Today is Inauguration day 2021. The ceremony takes place in the nation’s capital, Washington, D.C., and the 46th president, Joe Biden, will be sworn in on the Capitol steps.
Which brings up the common confusion between the two words:
CAPITAL and CAPITOL
The two words look almost identical – one ends in “a-l” and one ends in “o-l.” Both refer to seats of government. The words are even pronounced the same way: CAP-uh-d’l.
So, is there a difference? Yes. One is a location, and the other is a building.
The “cap” in “capital” – is related to the Latin word for “head,” so a capital city is where the “head” of government is. Paris is the capital of France; Tokyo is the capital of Japan; and Washington, D.C. is the national capital of the United States.
“Capital” has other meanings, one of which is the English synonym for an “upper case” or “majuscule” letter, which we call a “capital letter.”
In every state capital in the United States there is a statehouse or “capitol” building. This is usually a formal, white marble building with Greek columns and topped with a neoclassical dome, where the state’s government officials work. Note that state capitol buildings use a lower case “c.”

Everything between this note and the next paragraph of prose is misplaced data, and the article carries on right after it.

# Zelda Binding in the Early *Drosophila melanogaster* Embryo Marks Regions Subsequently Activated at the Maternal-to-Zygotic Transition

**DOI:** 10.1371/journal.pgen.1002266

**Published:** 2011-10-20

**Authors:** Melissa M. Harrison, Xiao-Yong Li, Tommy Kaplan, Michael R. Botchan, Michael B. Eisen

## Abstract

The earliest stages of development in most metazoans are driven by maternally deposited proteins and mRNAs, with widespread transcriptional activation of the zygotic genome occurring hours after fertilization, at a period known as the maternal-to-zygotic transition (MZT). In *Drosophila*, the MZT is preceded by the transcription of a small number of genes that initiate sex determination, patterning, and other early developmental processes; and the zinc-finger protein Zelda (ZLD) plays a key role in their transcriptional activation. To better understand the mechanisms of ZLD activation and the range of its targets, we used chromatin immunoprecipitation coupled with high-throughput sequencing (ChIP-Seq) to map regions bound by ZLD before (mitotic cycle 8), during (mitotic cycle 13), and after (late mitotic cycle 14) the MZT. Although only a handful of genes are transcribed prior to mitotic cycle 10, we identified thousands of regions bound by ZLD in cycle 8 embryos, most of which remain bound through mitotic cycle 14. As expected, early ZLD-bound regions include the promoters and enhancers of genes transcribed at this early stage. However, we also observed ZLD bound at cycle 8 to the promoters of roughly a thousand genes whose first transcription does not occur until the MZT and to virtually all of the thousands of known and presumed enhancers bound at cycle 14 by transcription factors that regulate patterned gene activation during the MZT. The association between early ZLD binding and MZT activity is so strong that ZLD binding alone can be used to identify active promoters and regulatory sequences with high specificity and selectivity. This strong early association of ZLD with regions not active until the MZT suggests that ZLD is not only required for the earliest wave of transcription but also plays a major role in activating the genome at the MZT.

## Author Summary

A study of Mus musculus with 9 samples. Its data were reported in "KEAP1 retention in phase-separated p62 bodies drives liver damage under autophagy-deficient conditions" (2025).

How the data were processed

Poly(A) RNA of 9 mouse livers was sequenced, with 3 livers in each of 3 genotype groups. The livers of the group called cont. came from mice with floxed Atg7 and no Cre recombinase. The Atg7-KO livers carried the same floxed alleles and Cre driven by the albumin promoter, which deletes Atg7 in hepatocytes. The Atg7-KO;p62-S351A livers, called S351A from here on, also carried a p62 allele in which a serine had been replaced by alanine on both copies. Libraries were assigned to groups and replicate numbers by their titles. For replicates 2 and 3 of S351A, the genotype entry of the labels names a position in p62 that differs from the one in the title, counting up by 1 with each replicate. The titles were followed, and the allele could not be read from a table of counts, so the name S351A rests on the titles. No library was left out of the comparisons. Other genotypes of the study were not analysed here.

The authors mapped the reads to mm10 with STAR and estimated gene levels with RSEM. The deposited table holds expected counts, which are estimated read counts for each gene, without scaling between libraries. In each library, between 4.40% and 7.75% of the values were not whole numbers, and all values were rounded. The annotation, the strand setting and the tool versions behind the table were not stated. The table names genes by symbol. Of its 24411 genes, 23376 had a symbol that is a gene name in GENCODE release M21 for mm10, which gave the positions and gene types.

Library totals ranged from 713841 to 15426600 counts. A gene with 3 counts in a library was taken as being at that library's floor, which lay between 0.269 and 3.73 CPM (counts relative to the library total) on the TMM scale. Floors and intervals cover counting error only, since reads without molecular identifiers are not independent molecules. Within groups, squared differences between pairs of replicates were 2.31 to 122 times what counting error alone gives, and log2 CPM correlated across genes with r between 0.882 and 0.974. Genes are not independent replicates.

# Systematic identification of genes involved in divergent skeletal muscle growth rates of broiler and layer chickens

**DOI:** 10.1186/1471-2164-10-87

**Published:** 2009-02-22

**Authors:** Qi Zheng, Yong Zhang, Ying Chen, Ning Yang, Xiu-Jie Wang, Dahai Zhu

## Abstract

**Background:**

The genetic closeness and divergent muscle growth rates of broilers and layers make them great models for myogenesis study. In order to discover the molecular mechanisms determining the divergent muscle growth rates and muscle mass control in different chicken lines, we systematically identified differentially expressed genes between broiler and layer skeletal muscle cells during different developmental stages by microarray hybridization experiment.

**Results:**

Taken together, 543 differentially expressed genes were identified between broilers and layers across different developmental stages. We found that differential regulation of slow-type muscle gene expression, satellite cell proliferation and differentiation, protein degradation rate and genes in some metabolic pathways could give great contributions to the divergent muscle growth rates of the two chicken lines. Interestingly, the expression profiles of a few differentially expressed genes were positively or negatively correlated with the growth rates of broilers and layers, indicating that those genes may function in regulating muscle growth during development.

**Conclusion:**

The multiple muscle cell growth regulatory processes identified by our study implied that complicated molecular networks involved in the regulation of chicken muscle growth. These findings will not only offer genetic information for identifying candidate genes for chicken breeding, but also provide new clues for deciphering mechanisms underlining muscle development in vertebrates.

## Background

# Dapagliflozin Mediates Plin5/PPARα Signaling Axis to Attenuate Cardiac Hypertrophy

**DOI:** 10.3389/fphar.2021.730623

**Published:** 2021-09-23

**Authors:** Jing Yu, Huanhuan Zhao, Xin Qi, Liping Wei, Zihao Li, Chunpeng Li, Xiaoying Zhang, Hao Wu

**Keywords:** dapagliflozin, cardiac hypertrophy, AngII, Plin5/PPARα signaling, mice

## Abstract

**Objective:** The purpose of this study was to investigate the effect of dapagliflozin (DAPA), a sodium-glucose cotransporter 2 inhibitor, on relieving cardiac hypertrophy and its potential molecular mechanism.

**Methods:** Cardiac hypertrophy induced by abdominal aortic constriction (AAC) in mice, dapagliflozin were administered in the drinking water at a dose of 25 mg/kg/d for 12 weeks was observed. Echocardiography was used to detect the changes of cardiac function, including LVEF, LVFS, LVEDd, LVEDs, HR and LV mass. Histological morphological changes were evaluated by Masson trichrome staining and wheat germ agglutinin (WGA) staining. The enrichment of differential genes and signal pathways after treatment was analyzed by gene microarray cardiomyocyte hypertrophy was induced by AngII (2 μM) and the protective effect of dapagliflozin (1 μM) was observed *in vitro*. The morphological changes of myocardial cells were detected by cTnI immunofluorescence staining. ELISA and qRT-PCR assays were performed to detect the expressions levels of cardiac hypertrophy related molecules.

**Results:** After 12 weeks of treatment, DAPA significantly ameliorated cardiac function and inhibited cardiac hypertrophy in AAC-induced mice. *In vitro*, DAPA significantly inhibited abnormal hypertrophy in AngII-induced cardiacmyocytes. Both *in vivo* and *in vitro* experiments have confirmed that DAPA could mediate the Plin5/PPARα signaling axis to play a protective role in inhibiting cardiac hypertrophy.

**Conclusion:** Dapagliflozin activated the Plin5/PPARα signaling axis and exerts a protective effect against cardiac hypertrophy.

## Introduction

The Capitol (with a capital C) in Washington, D.C. is a larger and more elegant version of state capitol buildings. It’s where our country’s Congress works, and the building is always capitalized.
To sum up: a statehouse is a “capitol” building; the only building with a capital “C” is the national Capitol building in Washington. The cities where statehouse capitols are located are “capitals”.
Confused by other words that seem similar? Check out my YouTube channel for more explanations. The more you know, the more confident you feel.